CUMBERLAND —The Great Allegheny Passage and the C&O Canal bring nearly 100,000 tourists to Allegany County each year, contributing more than $2.5 million to the local economy.
“This is a worldwide, nationally recognized destination,” said Bill Atkinson, trail program coordinator for the Maryland Department of Planning. “It’s something we’ve never had when it comes to tourism, is that destination, so this brings people from all over the world and all over the country.”
The Great Allegheny Passage begins in Cumberland where the C&O Canal comes to an end. When two trails meet, the number of tourists double.
“There’s absolutely been a positive impact with the trail,” said Barbara Buehl, the executive director at Allegany County Tourism. “We’ve had as many as 53 countries sign into our visitor center, and we usually have all 50 states sign in every year. For a small community, that’s phenomenal.”
The C&O Canal was an agricultural marvel of its day. A 185-mile long stretch along the Potomac River sustained the region’s economy by carrying coal, lumber and agricultural products for more than 100 years. President Richard Nixon established the canal as a National Historic Park in 1971 and, today, it is sought after for the rich history and recreational opportunities it provides.
The Great Allegheny Passage was completed in 2013 and stretches 150 miles to Pittsburgh.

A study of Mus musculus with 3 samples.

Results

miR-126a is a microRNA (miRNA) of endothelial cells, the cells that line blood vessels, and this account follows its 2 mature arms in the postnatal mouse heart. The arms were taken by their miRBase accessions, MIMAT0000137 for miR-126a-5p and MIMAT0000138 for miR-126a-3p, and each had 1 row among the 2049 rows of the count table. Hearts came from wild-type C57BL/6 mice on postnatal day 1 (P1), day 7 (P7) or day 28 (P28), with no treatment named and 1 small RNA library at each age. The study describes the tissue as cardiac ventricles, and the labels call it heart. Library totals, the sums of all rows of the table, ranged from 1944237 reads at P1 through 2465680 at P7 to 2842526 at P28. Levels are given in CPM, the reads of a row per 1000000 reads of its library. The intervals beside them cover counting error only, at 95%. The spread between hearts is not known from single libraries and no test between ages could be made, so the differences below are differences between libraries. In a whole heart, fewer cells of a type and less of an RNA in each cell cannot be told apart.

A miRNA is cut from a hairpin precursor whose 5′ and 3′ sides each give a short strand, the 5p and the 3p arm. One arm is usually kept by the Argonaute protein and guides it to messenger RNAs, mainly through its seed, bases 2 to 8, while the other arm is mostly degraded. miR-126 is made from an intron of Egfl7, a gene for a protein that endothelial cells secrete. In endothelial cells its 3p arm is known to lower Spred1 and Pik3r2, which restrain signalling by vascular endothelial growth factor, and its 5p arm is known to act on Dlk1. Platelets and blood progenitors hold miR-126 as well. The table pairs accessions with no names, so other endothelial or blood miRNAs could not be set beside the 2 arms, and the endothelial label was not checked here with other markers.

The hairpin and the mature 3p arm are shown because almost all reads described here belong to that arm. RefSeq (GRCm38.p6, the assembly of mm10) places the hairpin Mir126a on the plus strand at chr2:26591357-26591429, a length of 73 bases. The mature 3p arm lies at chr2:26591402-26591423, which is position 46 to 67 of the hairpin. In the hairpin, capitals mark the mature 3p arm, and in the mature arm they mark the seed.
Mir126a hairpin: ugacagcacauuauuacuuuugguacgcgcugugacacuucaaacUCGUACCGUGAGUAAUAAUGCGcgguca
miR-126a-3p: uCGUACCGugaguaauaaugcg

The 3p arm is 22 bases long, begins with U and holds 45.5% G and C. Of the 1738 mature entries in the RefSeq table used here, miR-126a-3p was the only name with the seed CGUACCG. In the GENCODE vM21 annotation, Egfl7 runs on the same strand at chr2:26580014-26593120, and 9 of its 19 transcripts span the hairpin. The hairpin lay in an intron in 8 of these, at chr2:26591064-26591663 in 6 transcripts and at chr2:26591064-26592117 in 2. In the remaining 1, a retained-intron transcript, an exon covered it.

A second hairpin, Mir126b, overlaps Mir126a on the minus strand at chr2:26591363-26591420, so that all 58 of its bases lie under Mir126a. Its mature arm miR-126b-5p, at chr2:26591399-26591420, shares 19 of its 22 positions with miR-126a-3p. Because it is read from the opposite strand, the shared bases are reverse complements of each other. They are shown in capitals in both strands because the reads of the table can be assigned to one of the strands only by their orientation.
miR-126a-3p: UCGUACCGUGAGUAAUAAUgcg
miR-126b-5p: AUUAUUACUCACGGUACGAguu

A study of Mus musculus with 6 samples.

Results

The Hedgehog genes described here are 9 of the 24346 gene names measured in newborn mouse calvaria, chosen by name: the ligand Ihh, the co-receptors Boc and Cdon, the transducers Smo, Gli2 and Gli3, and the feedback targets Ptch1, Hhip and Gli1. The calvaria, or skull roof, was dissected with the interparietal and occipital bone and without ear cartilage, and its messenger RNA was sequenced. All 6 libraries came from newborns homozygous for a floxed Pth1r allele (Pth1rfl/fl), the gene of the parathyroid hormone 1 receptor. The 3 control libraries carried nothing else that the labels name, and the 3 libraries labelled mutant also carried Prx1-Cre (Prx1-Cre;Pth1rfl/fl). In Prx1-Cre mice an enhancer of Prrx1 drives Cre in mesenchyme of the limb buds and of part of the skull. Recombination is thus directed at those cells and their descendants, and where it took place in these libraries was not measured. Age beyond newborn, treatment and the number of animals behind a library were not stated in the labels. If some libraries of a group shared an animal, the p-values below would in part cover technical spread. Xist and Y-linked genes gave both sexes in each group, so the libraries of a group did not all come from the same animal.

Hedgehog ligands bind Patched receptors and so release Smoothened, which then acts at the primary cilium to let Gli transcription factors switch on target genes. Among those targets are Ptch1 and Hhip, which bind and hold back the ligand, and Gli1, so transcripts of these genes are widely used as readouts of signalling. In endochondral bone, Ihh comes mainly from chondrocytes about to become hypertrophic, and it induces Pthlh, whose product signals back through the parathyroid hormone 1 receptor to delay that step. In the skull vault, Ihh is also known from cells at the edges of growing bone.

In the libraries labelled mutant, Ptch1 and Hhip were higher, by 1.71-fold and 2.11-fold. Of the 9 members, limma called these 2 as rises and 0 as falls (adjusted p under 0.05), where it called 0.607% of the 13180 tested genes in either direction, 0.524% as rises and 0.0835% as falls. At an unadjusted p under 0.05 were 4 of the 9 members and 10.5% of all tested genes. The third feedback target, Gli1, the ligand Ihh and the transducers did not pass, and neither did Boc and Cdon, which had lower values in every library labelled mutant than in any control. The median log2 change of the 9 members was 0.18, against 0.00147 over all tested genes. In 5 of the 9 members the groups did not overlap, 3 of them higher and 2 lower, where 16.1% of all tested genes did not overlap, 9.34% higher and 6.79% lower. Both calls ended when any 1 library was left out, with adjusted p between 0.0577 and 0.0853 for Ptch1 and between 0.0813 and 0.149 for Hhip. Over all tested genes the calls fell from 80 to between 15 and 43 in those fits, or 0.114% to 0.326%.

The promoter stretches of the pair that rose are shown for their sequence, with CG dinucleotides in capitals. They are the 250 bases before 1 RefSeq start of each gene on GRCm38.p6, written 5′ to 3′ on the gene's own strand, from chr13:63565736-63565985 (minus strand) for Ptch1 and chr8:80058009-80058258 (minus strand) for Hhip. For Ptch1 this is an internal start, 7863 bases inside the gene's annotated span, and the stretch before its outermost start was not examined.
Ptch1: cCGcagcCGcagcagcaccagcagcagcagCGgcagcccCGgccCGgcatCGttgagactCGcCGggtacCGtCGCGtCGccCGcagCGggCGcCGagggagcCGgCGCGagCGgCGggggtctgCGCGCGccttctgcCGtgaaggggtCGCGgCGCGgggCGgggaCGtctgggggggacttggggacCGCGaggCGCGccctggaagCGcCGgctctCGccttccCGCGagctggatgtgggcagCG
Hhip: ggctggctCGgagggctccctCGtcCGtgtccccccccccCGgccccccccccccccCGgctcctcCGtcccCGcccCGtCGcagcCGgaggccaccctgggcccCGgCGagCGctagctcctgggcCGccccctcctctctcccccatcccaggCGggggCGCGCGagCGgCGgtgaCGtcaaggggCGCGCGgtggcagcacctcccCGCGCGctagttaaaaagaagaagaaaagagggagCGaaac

Both trails bring outdoor enthusiasts from around the world to dine, shop and explore Cumberland’s small town charm.
Jason Yowell, manager at Cumberland Trail Connection, believes the influx of visitors is directly related to the recent restoration of Canal Place buildings.
“It’s (trails) the driver of tourism in this area,” said Yowell. “The Footer building would have nothing, it would have been demolished, and the Fairfield Inn would have never been built.”
Yowell said his shop is busy May through October and serves travelers from all around the globe.
“We rent bikes every day of the week all throughout spring, summer, fall and it stays consistent right through the end of October. It’s not unusual at all to get people in here from Australia or Germany. We get tons of people from Canada, South America, Asia, Australia — you name it.”
Gail Hall, owner of the Decatur Street Inn, said the type of tourists traveling the trails are pleasant to accommodate and spending substantial amounts of money in the area.
“Cyclists are the easiest tourists you’ll ever have,” said Hall. “They never complain. If they are willing to muster through the heat and bugs all day biking, they just want a good meal. But, that doesn’t mean they aren’t spending money. We do have the Pampering Pedal Package where I have a horse drawn carriage pick up my guests and take them to eat at Ottaviani’s Restaurant after they have had tea at the Gordon Roberts Museum. That’s $3,500 for two people, and people do it.”
Tourism in Maryland continues to grow and is a driving economic force in the state. According to the 2015 Tourism Development Annual Report published by the Maryland Tourism Development Board and the Department of Commerce, tourism sales increased 6.1 percent from 2013-2014. In Allegany County, total direct consumer tax impact totaled $5,649,597.
The trails are an asset to the community, and Hall stressed the benefits for the area.
“It (tourism) has a huge impact all the way around for lodging, restaurants, the museums ... these people here aren’t just kids riding bikes. Most of them are 50-plus, income $100,000 a year-plus, they’ve traveled all over the world and they just want lightly taken care of, and if you take care of them the rewards will be endless.”
According to the Adventuring Cycling Association, bicyclists contribute $133 billion annually creating 1.1 million jobs nationwide.
Follow staff writer Heather Wolford on Twitter @heatherbwolford.